This is the fifth in a series of quick video tips for business managers using PowerPoint by guest blogger Bruce Gabrielle, author of Speaking PowerPoint.
Tables with rounded corners are friendlier, more contemporary, more web 2.0. But you can't create them automatically. Here's how you can achieve this effect using a handful of workarounds that include shapes, gradient colors, and background fills.
-- Bruce Gabrielle
In PowerPoint 2010, use the Sections feature to organize your slides, much like you'd use folders to organize your files. You can use named sections to keep track of groups of slides, and assign sections to colleagues to make ownership clear when you collaborate. If you’re starting with a blank slate, you can even use sections to outline the topics in your presentation.
Take a look at this video to see how it works:
I've been invited to attend a series of free presentation webinars,
hosted by Ellen
Finkelstein, PowerPoint MVP (Most Valuable Professional), author, and presentation
skills trainer. I'm really looking forward to the series, so I
thought I'd pass the word along.
The webinar features top industry presenters tackling commonly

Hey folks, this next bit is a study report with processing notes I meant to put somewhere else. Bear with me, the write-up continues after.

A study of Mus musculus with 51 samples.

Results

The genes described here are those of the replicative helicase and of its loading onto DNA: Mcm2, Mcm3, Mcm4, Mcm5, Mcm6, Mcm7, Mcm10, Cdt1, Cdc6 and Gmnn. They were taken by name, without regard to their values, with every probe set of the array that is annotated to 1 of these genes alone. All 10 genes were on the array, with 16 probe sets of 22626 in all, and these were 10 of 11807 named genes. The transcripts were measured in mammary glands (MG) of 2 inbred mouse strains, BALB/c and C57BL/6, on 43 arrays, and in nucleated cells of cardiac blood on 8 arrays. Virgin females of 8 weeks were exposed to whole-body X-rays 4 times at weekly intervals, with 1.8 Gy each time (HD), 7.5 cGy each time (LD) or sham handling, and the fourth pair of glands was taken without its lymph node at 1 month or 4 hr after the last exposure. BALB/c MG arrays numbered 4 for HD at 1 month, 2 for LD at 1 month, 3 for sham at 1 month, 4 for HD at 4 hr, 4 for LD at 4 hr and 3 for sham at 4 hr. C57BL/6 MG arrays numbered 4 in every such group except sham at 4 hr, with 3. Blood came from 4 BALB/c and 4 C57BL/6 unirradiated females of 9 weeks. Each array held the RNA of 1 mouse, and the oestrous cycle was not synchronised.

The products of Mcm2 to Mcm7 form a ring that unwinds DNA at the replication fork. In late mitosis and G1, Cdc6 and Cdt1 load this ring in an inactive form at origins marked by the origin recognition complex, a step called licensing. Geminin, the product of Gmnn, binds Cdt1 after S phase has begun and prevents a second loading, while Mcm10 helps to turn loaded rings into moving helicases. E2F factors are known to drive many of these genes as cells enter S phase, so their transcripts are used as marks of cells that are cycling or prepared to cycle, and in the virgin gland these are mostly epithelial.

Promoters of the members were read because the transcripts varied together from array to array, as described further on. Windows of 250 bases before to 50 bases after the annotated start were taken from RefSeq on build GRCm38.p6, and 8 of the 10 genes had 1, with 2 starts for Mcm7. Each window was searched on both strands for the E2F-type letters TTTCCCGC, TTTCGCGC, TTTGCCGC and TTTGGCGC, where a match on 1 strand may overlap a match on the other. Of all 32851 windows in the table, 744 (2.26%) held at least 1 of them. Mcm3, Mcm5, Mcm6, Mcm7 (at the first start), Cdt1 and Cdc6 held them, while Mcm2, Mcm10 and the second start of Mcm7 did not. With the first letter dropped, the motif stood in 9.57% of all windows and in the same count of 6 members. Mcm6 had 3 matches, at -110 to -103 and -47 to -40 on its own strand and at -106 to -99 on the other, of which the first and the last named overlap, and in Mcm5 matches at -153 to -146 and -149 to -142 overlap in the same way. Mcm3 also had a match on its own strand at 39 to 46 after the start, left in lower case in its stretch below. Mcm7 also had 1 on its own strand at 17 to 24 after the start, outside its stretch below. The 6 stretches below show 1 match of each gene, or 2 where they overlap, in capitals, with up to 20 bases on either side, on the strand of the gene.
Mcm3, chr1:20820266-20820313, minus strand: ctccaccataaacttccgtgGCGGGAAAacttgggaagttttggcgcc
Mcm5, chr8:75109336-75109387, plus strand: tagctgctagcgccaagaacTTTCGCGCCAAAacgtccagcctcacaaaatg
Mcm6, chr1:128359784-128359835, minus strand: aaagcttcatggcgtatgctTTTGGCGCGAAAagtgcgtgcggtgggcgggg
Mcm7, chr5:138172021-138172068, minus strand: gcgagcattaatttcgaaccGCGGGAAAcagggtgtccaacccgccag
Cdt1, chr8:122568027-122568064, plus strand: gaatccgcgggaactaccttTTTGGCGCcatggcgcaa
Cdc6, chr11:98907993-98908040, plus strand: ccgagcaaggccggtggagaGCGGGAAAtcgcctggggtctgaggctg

misunderstood topics about presenting and designing presentations.
Read on for details about this series.
PowerPoint 2010's audio and video features are increasingly used in presentations, making it difficult for people with hearing disabilities to fully comprehend them. Today, we're pleased to announce the release of STAMP, a new add-in which lets PowerPoint 2010 users quickly and easily add closed captions to video and audio files, making PowerPoint presentations richer, more understandable experiences for people with hearing disabilities.
Back in the day, clear and concise text was the key to a good presentation. But the game has changed. People expect your slides to dance. Well, not really dance, but they certainly expect some animation here and there. That's why we've added two new lessons on PowerPoint animations to our PowerPoint skills builder--a free video training series.
A PowerPoint presentation whiz in a workshop told you not to use more than three bullet points on a slide. She also said that adding visual images in PowerPoint--especially photographs--will tell your story better than words, charts, or tables. Photographs of people can be neighborly. They can be like a welcoming handshake with your audience. The next time you're putting together a presentation, you try adding one.